There’s not enough time… Not enough money to pay for a gym membership… Not enough energy to get out of bed this morning… And, the list goes on.
And, many of us wonder after years of not getting enough physical activity in our lives, if there’s really any reason to start get started later in life. Is it just plain too late — and have the benefits you would have gotten from exercising all along passed you by?
Well, not according to a new study…
A good reason to get moving
A group of researchers from the University of Birmingham’s School of Sport and Exercise Science decided to take a good, hard look at the question.
So, they created two groups of very different people…
The first group consisted of what the researchers called “master athletes.” These were people in their 70s and 80s who were lifelong exercisers and still competed at top levels in their chosen sports.
The second group was made up of healthy people in the same age bracket who had never participated in any type of regular, structured exercise program. Sound familiar?
The scientists gave each participant an isotope tracer, in the form of a drink of ‘heavy’ water. This allowed them to monitor how the participants used proteins to build muscle during a single bout of exercise, involving weight training on an exercise machine.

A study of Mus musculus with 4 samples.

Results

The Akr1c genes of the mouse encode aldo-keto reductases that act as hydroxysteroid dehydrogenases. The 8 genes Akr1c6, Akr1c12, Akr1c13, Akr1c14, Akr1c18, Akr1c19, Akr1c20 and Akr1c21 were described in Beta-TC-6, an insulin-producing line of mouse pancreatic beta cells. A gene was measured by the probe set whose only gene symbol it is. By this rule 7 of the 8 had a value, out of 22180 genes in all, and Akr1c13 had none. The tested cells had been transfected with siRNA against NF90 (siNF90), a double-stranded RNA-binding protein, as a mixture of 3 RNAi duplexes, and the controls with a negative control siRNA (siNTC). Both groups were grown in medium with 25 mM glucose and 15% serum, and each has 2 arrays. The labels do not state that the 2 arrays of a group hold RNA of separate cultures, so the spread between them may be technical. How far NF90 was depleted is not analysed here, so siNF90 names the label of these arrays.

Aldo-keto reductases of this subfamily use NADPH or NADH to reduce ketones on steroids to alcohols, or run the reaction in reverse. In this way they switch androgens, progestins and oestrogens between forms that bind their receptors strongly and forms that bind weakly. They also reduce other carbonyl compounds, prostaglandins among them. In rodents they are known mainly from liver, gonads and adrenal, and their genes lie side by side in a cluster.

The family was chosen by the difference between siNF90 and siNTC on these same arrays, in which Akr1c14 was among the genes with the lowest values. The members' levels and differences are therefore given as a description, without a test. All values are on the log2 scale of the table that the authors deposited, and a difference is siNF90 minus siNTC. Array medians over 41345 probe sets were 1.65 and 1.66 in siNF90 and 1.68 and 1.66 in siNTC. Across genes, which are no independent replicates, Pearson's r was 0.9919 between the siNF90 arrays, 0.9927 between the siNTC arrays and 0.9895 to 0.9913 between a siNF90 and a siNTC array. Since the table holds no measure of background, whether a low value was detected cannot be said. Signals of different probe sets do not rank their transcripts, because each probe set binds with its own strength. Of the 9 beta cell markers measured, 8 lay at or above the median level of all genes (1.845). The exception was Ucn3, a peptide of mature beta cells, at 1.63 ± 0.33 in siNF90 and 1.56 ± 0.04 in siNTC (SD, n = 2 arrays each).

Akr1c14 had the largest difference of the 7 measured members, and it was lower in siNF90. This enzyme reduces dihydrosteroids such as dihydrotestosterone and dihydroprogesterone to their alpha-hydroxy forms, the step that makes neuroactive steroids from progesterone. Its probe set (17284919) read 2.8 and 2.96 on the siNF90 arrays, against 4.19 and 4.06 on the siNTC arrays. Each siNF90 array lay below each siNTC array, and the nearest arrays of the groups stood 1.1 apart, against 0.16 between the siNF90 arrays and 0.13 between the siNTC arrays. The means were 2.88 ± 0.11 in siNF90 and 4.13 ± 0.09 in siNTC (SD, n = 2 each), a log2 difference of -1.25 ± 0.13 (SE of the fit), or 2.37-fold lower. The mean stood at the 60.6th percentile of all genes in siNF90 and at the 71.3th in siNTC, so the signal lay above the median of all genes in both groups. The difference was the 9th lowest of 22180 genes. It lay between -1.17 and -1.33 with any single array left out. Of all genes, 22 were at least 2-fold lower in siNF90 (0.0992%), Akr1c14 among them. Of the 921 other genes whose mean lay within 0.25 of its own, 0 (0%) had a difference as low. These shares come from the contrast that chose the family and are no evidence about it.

They also took muscle biopsies from each participant in 48-hour periods just before and just after exercise and examined these to look for signs of how the muscles were responding to the exercise.
The team had put money on the fact that the master athletes would have an increased ability to build muscle thanks to higher levels of fitness that they had maintained over a prolonged period of time – a bet I probably would have made myself.
But I would have been just as wrong as they were!
Instead, the results showed that both groups had an equal capacity to build muscle in response to exercise.
In fact, the team’s conclusion was that older people who have never taken part in a sustained exercise program have exactly the same ability to build muscle mass as highly trained master athletes of a similar age.
“Our study clearly shows that it doesn’t matter if you haven’t been a regular exerciser throughout your life, you can still derive benefit from exercise whenever you start,” said lead researcher, Dr. Leigh Breen. “Obviously a long-term commitment to good health and exercise is the best approach to achieve whole-body health, but even starting later on in life will help delay age-related frailty and muscle weakness.”
This means there’s no time like the present to get up and get moving if you want to ward off age-related changes, like falling muscle mass and bone strength. Now’s as good a time as any to embrace the power of exercise.